Today we continue the series on using your Skills Language. So far, we have determined the critical importance of describing your skills and the Three Basic Types of Skills. Today, we explain how to prove your Skills Language to others, which builds your confidence and their confidence in you.
What’s Your Story
What events in your past have you especially enjoyed, made you particularly proud, or gave you a unique sense of accomplishment? Take time to write about your life so far. How have you helped someone, earned recognition, made something or solved a problem?
We often are proud or pleased when we solve a problem, overcome a challenge or achieve a goal. These are our achievements – our accomplishments. An achievement is anything you have done that gave you a feeling of pride when you were done. Achievements can come from any part of your life (for example, childhood, school, home, work or a hobby).
You have achieved something when:
- You think you did it well, and maybe other people think so, too;
- You felt pride in having done it;
- You may have enjoyed doing it.
You also may identify something as an achievement when:
- You learned something from the process, and/or
- You learned something from the result.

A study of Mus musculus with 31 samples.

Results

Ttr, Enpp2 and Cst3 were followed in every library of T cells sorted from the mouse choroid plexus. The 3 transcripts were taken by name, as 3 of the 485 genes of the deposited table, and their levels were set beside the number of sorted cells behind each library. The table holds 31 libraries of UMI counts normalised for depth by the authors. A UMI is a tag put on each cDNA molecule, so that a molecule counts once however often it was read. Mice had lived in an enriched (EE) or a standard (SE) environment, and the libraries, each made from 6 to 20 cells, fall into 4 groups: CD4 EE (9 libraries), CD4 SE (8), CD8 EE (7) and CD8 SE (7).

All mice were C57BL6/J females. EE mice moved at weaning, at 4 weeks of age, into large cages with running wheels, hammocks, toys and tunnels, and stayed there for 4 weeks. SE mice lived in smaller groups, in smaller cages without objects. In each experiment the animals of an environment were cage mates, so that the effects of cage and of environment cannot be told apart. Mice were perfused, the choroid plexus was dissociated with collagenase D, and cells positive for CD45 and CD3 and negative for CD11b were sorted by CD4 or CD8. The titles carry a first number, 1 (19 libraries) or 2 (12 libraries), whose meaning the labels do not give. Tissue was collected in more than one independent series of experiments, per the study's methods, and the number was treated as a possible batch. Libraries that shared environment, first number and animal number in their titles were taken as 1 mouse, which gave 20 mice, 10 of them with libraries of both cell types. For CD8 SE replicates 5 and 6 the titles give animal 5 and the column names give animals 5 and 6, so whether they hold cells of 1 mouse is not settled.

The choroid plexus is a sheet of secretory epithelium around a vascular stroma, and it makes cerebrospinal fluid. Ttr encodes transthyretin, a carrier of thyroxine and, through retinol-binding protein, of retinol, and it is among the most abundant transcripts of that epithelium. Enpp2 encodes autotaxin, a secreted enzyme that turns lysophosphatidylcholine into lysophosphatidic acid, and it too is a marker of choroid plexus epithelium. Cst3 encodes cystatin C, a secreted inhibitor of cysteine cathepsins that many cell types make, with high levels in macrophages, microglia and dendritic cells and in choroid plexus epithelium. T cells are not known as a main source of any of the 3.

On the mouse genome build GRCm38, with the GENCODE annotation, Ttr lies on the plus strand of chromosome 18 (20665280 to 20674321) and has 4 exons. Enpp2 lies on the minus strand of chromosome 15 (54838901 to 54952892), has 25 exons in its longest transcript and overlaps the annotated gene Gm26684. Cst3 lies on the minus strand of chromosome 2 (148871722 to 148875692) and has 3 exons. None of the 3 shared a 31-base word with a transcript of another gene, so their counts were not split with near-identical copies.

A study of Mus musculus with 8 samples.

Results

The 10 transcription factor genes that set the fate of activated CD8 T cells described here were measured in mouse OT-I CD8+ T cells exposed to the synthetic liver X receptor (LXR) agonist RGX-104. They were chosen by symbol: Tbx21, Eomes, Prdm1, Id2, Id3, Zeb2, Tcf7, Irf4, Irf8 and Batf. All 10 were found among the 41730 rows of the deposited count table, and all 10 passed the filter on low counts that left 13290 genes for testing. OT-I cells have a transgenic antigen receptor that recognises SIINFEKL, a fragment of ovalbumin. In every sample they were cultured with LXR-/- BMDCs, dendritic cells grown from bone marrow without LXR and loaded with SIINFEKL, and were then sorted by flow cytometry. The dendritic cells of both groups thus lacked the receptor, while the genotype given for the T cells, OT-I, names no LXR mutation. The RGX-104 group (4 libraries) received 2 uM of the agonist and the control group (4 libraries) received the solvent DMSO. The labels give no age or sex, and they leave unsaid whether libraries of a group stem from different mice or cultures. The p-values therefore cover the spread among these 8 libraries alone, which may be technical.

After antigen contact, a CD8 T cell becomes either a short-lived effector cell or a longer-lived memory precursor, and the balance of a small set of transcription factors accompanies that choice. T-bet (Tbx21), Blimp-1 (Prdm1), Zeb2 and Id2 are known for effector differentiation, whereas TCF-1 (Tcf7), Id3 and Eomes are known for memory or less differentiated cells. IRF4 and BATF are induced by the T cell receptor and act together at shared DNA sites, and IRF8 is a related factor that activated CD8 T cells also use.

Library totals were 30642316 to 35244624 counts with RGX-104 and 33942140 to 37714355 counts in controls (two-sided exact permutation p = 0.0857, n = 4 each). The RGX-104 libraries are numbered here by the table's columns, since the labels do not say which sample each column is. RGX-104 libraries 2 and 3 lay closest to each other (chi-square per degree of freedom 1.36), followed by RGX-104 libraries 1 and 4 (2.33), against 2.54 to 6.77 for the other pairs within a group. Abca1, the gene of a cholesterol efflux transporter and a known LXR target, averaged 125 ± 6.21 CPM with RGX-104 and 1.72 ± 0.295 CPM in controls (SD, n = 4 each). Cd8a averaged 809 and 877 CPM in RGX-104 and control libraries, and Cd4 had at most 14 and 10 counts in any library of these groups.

When you say you have a particular skill, your achievements are the situations and results that best prove you have that skill. In other words:
Skills + Achievements = PROOF by Example
Describing Your Achievements Using STAR
Some people have trouble describing their accomplishments (maybe that includes you). Using a method we call “STAR” makes it easier to describe your skills and achievements. Each part of STAR is important to help you explain and make clear the skills you possess.
Use STAR to describe an achievement:
Situation or Task + the Action you took + the Results you achieved.
STAR = Achievements = “Proof”
Describe a Situation or Task from your experience:
- Think of a time when you were successful in using your skill.
- When did it happen?
- Where did it happen?
- Who was involved?
- What task needed to be done?
- What problem did you need to solve?
Describes your actions – how did you use your skill(s) to accomplish the task?
- What happened?
- What did you do?
- How did you feel?
- What “I AM” skills did you use?
- What “I CAN” skills did you use?
- What “I KNOW HOW TO” skills did you use?
What happened because of your actions; what were the Results?
- What changed?
- What difference did you make? How do you know?
- How did you feel?
- How did the people around you feel?
- Can you measure the results?
Use this exercise to practice giving examples that prove what you say about yourself. The better you can prove your Skills Language by giving examples, the more likely employers will be interested in you. Practice by writing down your STAR examples. Practice by saying them to a friend. Practice them every time you speak with a potential employer or networking source.